Billions Has a Successor

As Billions winds towards the end of its third enthralling season (SoHo, 8.30 Tuesdays), fans will be pleased to learn Sky’s premium drama channel has a new corporate skulduggery drama up its sleeve.

Succession, which went to air this weekend on HBO, will premiere here on July 11.

It stars Brian Cox as a Rupert Murdoch-like media mogul whose decision to step back from running the firm heightens his four children’s sibling rivalry.

It was created by Jesse Armstrong (The Thick Of It, Peep Show, Babylon), and co-stars Hiam Abbass (The State), Alan Ruck (The Exorcist) and Kieran Culkin.

US reviews have been favourable. “After six episodes, Succession stops feeling like chunks of it are working and starts churning out more and more addictive content,” IndieWire said.

“So rather than wish for something to be cut down and fit into an old box, delight in watching this witty drama or black comedy grow into something new.”

Quipped New York magazine: “Succession is a funny, incisive portrait of the dynamics within a well-off family, but it’s also a cautionary tale about how dicey and unethical it is to employ too many relatives.

“That’s a message that at least a few people in power could benefit from hearing.”

And Vanity Fair, in an interview with Cox and director Adam McKay (The Big Short), called it “a timely morality tale considering the new generation of America’s dynastic empires currently coming into power—most visibly, the offspring President Donald Trump employs at the White House, including daughter Ivanka and son-in-law Jared Kushner.”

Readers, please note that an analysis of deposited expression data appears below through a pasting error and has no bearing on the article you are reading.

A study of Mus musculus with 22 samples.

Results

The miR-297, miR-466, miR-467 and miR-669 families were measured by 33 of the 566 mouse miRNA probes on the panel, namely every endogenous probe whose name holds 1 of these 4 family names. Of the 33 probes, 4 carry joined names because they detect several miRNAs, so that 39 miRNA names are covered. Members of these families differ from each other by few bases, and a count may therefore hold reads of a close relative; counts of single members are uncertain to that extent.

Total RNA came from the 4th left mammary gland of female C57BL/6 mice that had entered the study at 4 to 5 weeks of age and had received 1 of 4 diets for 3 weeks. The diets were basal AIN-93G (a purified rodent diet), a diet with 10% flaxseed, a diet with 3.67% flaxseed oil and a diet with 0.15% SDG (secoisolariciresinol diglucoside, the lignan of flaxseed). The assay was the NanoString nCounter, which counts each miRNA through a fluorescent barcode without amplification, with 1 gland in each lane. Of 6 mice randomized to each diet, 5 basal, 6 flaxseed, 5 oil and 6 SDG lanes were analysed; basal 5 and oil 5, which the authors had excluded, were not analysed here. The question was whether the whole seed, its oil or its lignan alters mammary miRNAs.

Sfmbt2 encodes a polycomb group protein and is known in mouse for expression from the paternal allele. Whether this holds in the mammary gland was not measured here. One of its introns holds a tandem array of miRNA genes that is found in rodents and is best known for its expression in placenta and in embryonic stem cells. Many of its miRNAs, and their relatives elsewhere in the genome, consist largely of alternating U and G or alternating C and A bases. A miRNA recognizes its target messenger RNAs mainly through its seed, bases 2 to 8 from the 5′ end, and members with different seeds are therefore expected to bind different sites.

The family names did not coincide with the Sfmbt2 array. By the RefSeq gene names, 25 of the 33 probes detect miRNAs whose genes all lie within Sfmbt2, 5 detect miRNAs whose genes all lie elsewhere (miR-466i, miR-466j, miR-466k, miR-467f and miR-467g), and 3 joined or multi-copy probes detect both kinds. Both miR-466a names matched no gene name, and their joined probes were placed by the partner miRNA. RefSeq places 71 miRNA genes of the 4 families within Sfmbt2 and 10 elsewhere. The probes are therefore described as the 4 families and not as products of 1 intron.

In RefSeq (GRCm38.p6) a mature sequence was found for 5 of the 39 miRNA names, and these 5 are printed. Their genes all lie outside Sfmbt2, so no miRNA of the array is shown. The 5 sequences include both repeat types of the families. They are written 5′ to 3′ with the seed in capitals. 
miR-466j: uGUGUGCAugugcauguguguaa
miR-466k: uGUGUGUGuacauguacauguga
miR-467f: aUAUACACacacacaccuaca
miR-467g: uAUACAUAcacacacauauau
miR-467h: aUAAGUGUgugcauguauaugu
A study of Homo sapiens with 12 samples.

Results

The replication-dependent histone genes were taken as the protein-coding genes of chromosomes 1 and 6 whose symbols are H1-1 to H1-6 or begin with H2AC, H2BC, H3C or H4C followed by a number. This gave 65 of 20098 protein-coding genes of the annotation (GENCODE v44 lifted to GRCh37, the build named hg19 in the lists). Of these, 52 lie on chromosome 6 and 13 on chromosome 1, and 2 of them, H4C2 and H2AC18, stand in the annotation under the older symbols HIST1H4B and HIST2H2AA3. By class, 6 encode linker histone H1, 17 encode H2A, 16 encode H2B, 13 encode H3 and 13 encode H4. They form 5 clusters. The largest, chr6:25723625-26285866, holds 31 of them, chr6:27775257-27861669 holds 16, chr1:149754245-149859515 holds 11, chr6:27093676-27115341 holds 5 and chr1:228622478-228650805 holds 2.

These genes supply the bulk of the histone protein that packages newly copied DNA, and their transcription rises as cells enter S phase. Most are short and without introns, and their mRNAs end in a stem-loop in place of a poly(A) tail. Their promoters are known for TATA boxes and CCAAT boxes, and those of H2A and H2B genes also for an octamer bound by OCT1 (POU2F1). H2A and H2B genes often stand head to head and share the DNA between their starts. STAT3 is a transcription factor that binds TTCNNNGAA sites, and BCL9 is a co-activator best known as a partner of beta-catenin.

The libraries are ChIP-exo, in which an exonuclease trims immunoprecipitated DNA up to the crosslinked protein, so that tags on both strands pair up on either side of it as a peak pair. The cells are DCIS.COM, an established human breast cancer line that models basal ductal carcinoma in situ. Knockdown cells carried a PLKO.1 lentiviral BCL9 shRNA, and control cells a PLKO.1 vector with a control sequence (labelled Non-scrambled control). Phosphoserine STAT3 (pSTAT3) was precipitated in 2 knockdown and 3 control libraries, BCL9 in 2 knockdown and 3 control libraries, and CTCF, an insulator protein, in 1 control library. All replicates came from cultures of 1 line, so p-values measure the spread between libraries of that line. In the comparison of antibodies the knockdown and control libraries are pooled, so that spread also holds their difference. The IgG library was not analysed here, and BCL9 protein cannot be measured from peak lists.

But comparisons to other families, real and imagined, could be unintentional, Entertainment Weekly argued.

“Succession is its own disappointing creation, imbalancing awful broad comedy with awful mawkish drama: Hooker jokes and health scares, lame bro-banter alongside instrumental montages of sensitive thought-staring. The actors all got different memos.”

And while the Wall Street Journal thought it “a 10-part romp not without its flaws — the soap-opera element is strong — but one without a dull moment”, The Washington Post reckons it’s “underwhelming in both execution and intent …

“It almost feels like watching a white, gloomier version of Empire (Fox’s drama about a hip-hop record label torn asunder by family foolishness), minus that show’s emotional slapstick and conspicuous consumption.”